Shadow puppets

Do you remember The Land Before Time? I first watched it one wet lunchtime at Primary School, when a teacher stuck on a VHS to stop us getting fractious. Until this week, I remembered only that it had dinosaurs and was Very Sad, but nothing more specific. Mark and I thought it would be fun to watch it one evening.

Do not repeat our mistake.

As it turns out, TLBT contains the saddest scene in cinematic history. Little Foot is alone; his mother died in the earthquake and he’s lost his way. He has no hope, no energy, no direction. He’s completely desolate. But then –

He sees her! Dark and distant but it’s her oh it’s her oh it’s her. She’s cheated death; she’s there.

He runs towards her – mother oh it’s mother – and his heart is full. But the closer he gets, the smaller she is. The faster he runs, the quicker she disappears. He shouts her name but she doesn’t hear. But it‘s her oh it’s her oh it’s her. He gets to her, his heart bursting, and –

She’s not there. She never was. He’s been chasing his own shadow.

I see shadows of my mum everywhere I go.

Our relationship was not straightforward. She was very, very ill for a very, very long time – and while with hindsight and compassion and adult eyes I can rationalise things little bit more, as a child it was impossible to understand that it wasn’t an active choice she was making. There are things that you need as a child that an alcoholic cannot give you. That’s not their fault. Nor is it yours.

Let me tell you some stories about my mum.

When I was little, every Christmas our house was full of siblings and aunts and uncles and old ladies and their epileptic dogs and Chinese students and anyone else who might not have had somewhere else to be. My mum would serve up a three course meal with six types of veg, basically single handedly (because she was completely stubborn and would throw us out of the kitchen if we tried to help). It was joyous. Years later, I understood that one of those aunts was in fact an ex-wife of my dad’s. And that other people don’t have quite so many complete randoms in their house on Christmas Day.

When I was 15, I’d go into town at the weekend and spend my money on Burger King bean burgers and Miss Selfridge clothes. When I came home, I’d put on whatever striped or spotted or inappropriately-sloganed top I’d bought, and go into the kitchen to show her. (She was always, always in the kitchen, with a fag and a Sudoku on the go). She would, without fail, get a bit teary and tell me that I looked “very grown up”.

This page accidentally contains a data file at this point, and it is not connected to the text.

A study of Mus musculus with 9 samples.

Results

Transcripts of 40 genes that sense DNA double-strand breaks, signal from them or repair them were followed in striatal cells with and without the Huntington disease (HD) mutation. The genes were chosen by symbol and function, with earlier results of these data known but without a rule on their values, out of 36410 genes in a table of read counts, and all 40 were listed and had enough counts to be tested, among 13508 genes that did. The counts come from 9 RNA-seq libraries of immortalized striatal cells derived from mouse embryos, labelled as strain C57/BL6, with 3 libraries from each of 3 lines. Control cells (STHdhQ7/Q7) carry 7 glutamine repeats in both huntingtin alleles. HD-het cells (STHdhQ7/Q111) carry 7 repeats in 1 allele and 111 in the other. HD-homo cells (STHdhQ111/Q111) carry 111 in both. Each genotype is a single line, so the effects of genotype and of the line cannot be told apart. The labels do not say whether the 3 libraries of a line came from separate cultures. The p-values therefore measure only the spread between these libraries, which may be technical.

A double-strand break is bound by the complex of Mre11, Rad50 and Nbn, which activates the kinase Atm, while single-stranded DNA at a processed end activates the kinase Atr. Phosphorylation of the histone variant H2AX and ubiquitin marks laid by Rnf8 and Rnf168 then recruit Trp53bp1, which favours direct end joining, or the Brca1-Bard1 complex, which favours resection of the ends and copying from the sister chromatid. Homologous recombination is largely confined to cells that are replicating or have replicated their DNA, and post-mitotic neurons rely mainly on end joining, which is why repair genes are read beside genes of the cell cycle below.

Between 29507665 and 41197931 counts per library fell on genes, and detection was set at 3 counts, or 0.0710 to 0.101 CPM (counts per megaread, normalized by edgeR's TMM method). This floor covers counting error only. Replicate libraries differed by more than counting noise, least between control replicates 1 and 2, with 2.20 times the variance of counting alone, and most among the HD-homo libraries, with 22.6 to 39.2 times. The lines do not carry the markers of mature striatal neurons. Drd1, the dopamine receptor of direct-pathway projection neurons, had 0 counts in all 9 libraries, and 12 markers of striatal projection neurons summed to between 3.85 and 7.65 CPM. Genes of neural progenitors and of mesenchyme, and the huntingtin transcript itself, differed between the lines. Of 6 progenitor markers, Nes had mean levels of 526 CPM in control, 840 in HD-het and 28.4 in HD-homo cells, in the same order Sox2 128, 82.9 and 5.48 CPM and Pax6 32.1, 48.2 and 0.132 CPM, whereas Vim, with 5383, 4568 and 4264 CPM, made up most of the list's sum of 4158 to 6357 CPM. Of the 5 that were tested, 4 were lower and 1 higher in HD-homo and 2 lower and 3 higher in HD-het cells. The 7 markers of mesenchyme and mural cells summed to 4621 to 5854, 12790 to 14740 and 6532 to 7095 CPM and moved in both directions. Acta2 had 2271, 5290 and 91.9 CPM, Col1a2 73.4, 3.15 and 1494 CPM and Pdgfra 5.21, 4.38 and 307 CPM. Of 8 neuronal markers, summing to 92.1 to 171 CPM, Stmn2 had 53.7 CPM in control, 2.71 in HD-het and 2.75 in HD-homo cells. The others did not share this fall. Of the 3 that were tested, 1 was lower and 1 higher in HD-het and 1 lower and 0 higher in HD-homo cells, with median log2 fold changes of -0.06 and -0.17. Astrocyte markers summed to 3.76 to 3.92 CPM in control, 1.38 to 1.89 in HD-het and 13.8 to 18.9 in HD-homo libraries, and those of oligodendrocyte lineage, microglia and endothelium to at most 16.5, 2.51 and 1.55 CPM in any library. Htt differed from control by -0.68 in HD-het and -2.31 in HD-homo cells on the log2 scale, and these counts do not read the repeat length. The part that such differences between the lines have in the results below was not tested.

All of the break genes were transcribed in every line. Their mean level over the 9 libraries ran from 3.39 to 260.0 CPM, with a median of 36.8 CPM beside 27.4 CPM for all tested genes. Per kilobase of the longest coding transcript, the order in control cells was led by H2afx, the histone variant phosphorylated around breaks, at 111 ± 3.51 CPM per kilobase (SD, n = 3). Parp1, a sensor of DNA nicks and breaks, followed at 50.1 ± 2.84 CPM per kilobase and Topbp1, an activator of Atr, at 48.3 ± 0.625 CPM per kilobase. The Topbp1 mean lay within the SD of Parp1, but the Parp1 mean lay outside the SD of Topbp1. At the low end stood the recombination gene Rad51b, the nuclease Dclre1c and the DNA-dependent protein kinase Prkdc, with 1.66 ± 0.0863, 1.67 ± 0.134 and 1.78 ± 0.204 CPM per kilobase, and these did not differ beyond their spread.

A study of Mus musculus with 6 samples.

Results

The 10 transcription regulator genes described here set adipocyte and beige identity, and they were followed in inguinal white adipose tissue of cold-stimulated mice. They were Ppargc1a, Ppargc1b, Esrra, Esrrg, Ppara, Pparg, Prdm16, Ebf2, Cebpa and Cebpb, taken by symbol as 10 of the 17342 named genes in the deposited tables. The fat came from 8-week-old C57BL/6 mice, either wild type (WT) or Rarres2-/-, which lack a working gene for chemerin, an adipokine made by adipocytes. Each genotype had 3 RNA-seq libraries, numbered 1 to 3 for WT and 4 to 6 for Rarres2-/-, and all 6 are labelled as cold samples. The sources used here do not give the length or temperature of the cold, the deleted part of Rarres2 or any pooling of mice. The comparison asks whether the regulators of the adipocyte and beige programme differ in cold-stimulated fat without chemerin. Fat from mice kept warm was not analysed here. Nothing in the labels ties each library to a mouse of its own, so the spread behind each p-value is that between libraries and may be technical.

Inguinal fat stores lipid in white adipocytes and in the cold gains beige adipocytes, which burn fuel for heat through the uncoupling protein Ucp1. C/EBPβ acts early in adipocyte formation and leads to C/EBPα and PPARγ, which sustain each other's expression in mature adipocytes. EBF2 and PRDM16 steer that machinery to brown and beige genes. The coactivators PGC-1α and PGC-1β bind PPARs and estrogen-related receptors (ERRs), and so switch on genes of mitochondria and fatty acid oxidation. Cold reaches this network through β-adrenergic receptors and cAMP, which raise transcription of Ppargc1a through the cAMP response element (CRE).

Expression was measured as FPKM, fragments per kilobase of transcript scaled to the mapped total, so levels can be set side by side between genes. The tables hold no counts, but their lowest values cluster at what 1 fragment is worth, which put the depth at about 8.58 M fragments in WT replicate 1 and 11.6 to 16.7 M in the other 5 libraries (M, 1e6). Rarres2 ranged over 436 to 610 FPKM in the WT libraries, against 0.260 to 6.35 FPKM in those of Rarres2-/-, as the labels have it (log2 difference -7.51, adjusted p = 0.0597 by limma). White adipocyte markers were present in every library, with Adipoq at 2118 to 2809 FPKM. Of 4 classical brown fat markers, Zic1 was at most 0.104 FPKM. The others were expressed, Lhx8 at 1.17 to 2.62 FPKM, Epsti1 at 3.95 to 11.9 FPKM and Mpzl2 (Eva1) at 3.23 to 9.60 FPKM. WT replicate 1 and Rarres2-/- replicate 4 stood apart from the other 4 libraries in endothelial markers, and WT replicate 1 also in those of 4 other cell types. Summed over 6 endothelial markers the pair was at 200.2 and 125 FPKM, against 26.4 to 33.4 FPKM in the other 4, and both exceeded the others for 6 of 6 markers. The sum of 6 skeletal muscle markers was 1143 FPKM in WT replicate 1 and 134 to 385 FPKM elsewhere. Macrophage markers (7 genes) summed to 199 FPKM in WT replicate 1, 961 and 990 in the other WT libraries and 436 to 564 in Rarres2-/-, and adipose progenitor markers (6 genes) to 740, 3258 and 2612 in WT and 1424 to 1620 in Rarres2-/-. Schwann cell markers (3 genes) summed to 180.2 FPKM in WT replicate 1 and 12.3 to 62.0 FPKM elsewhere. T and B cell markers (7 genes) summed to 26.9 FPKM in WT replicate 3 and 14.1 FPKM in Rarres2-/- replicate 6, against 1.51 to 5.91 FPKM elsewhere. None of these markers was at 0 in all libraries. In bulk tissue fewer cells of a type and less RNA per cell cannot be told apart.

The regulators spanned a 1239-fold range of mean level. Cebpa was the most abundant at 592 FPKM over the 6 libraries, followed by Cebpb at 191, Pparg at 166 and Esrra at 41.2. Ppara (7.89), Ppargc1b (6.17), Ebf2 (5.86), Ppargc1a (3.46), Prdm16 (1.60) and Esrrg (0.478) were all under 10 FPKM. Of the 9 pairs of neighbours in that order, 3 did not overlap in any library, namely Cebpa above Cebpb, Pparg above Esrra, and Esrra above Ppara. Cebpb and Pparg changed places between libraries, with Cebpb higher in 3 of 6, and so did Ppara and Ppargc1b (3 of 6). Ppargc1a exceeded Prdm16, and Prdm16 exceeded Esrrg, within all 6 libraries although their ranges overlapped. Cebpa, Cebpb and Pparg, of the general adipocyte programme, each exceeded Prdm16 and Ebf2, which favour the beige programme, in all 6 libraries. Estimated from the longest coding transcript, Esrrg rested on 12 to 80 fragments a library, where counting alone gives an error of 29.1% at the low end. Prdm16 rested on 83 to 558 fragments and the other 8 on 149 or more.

When I was 17, my mum read an article in the local newspaper about a man who had been in an accident which had severely hurt his leg. He’d moved to Jersey to earn better money than he could at home (in, I want to say, Poland – but I am embarrassingly hazy on the facts) and to send it back to his wife and child. Now he couldn’t work, and couldn’t claim benefits, and was struggling to survive. Sad, right? Literally everyone else who read that article thought, “sad” – and then went on with their lives. My mum found out his contact details, and rang him, and invited him to come and live with us. Which he did, for several months, until he was fully recuperated.

When I was 18, we went on the only shopping trip I can ever remember us going on, to get me ready for university. We bought everything. She talked me into getting the pink polka dot crockery rather than the plain white, and then the pink towels to match. I still have those towels; they’re the best.

When I was 20, I had the worst argument of my life with my then-boyfriend. It ran the gamut from passive-aggressive to aggressive-aggressive and went on through the night, leaving me drained, exhausted and completely bereft. As someone who runs from conflict of any sort, I could. not. deal. For the first time in my life, I picked up the phone because I wanted to cry to my mum. She listened, she cried with me – and then she got on a plane and arrived at my door the next day.

When I was 22, and living on a just-above-minimum-wage salary, she put a cheque in my birthday card with strict instructions that it must only be spent on something frivolous. I used it to pay the council tax, but I appreciated the gesture.

When I was 24, she died.

I’d thought she was invincible. That she’d be one of those women who smokes and drinks and eats the wrong things and lives to 103. I couldn’t fathom that it had caught up with her after all. She went into hospital on Christmas Day and she never went home again.

Oh, she was so far from perfect. We were so far from friends. Maybe we would have got there, given time, but there wasn’t time and we never did – and maybe we never would have at all. For all of these good memories there are plenty of the other kind, and I was harder on her than I was on anyone.

But despite everything she made me feel so very, very loved. She made me feel invincible. And then she was gone, and so was I.

I see her shadow everywhere.

It’s not her it’s not her it’s not her.